While most of us look at designs from the point of view of colours, how often do we pay attention to the minimalistic idea of looking at things? How often do we only look at the imperfections and accept them as a valid part of not only art, but life? How often do we acknowledge their very existence? With these ideas, Wabi-Sabi: Solo exhibition of paintings by Tarini Ahuja plays with the notions of illusion in her works displayed at the Annexe Gallery, India International Centre recently.
Heavily influenced by Japanese form of abstract thought, ‘an intuitive worldview’ said to be founded by the Zen Buddhists, Wabi-Sabi literally translates to finding beauty in imperfection and profundity in nature, of accepting the natural and vicious cycle of growth, decay, and death. It’s the mundane, simple and slow form that reveres authenticity.
The works from 2013 onwards provide a space for solace and reflection and an escape from the mundane. Ahuja effectively uses acrylic paints on canvas in the 32 paintings displayed.
Her use of white contrasts, broad and thin strokes, with the use of shadows show deliberate visual trickery. Ahuja, who studied in Singapore, mentioned about her oriental influence being a reason for such a strong imagination and the ideas that stem from that branch of thought.
She tells Metrolife, “I started researching on white spaces which was lacking in my earlier paintings. So through that, I came across the idea of Ma and learnt about Wabi-Sabi. I felt like the little or the imperfect areas were actually what appealed to me the most. Wabi-Sabi means finding perfection in imperfection and looking at flaws to find something positive and wanted to make the best out of everything. So, I felt that it is a great way to look at life and even in all negatives, one tends to find the positive. I have been working on it ever since then.”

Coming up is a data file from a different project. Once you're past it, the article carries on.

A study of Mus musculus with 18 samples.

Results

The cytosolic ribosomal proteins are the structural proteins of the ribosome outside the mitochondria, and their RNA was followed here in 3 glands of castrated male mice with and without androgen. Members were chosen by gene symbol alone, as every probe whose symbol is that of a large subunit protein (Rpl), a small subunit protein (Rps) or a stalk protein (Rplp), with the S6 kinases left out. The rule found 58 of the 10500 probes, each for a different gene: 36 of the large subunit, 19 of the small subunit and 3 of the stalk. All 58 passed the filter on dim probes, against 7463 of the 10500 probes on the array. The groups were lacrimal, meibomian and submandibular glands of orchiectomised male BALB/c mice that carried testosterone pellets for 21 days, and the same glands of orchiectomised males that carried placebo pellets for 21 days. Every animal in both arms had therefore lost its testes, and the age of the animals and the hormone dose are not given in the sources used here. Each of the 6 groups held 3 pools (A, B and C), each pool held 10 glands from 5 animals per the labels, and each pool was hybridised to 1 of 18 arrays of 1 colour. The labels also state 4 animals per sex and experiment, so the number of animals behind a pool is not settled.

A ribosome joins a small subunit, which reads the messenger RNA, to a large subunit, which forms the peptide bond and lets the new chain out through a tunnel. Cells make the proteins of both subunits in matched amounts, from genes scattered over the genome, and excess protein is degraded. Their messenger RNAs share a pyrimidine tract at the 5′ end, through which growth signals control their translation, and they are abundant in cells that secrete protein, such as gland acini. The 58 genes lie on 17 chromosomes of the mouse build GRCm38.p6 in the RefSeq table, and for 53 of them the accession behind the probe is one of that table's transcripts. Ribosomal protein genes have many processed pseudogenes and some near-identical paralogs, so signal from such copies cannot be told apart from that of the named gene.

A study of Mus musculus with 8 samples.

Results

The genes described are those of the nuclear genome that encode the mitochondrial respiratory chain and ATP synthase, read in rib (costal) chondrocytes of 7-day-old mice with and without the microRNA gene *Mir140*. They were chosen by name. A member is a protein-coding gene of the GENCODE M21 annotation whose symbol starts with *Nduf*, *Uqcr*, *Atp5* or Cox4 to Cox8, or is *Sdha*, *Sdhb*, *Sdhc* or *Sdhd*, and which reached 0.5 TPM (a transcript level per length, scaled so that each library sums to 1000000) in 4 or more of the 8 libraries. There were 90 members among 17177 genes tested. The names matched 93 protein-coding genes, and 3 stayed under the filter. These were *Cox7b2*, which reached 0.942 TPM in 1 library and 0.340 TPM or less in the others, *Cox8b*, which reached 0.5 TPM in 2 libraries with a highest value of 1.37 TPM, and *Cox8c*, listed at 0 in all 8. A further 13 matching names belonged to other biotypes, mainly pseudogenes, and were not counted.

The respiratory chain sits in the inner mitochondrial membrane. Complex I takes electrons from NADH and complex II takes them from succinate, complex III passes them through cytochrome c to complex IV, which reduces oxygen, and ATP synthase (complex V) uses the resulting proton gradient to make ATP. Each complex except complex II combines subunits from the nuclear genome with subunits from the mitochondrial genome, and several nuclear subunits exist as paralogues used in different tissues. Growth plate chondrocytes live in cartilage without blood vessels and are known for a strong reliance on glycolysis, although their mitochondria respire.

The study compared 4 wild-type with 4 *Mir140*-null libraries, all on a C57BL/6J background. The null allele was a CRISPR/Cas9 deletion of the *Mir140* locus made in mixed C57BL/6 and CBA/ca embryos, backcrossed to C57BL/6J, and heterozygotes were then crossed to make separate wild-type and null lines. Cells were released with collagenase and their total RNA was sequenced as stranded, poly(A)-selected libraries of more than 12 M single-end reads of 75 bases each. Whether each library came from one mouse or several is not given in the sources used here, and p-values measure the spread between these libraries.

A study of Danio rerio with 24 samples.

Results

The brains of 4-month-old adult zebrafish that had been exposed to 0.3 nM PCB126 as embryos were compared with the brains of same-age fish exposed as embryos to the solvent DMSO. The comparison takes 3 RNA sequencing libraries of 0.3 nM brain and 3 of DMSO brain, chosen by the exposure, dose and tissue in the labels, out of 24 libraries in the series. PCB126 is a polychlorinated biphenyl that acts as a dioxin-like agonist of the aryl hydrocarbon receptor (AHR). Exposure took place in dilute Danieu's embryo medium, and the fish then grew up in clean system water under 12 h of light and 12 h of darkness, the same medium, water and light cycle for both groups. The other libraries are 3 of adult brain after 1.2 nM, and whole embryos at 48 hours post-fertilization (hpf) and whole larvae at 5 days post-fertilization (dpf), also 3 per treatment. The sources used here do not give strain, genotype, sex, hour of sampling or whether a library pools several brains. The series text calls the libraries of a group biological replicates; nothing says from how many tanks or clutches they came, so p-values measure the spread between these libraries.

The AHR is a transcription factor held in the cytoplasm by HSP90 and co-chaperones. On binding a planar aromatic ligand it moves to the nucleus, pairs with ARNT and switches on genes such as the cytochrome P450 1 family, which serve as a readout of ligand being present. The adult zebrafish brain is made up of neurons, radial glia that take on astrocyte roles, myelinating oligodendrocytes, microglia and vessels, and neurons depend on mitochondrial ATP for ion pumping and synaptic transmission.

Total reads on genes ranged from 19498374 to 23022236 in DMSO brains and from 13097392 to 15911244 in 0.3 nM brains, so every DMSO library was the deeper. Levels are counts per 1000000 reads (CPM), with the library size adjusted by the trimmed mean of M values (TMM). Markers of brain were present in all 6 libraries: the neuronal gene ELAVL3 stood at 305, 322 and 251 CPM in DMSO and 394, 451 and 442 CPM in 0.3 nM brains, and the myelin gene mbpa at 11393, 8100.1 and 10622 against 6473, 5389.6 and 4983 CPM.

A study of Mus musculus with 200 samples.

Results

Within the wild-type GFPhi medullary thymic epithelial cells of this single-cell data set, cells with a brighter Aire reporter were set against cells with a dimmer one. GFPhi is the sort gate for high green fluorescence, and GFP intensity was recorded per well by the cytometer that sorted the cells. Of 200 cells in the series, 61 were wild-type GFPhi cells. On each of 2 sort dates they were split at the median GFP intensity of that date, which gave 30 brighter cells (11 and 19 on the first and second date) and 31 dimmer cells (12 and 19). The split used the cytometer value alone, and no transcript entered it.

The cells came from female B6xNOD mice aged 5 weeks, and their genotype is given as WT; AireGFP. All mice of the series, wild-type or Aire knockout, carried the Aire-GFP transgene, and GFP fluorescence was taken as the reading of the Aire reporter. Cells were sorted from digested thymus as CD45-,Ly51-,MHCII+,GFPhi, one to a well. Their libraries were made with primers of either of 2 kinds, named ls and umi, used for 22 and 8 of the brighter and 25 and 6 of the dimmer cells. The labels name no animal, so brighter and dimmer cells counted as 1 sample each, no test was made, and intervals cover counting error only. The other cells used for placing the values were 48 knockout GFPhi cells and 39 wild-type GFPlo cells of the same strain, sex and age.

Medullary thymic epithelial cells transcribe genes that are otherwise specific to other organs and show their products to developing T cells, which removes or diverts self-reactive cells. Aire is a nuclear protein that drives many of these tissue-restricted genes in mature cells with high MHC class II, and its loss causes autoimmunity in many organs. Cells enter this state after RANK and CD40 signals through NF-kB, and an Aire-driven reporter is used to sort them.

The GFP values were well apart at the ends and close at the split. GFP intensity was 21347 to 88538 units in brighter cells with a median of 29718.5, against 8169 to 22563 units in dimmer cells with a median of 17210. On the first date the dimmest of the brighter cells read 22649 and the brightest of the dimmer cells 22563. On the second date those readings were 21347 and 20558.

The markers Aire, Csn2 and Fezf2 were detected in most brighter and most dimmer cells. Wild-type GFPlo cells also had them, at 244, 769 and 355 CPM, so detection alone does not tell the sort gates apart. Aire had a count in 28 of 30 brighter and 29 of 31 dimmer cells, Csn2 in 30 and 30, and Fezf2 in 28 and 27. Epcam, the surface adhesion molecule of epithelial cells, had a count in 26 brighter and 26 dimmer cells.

Ahuja’s first solo saw many appreciating her unconventional way of looking at things. She says, “They all are abstract and completely non-representational. I don’t have any figures. I focus a lot on the colour and composition. I also follow the Japanese setting called Ma which deals with white space or space in-between.”
Mentioning the essence of layers and the strokes, she adds, “For instance, the silence in-between notes of a song and a pause in-between the steps make the step more meaningful. Like that, I believe that you don’t have to have an overcrowded painting and the space in-between can add more to the painting than the subject itself. So, in my first few paintings, I worked with a lot of white spaces.”
Logically put in a series differentiated by the year of work, her style adapted to the Indian colours once she came back from Singapore. Explaining her transition from “clerical greys, sensitive blues and garden greens to dusty, earthy shades, chaotic hues and dramatic contrasts”, she brings white from the background into the foreground which emphasised the need of “colour in the background and white in the foreground”.
The 25-year-old sums up, “My works may be best understood as a feeling rather than an idea.”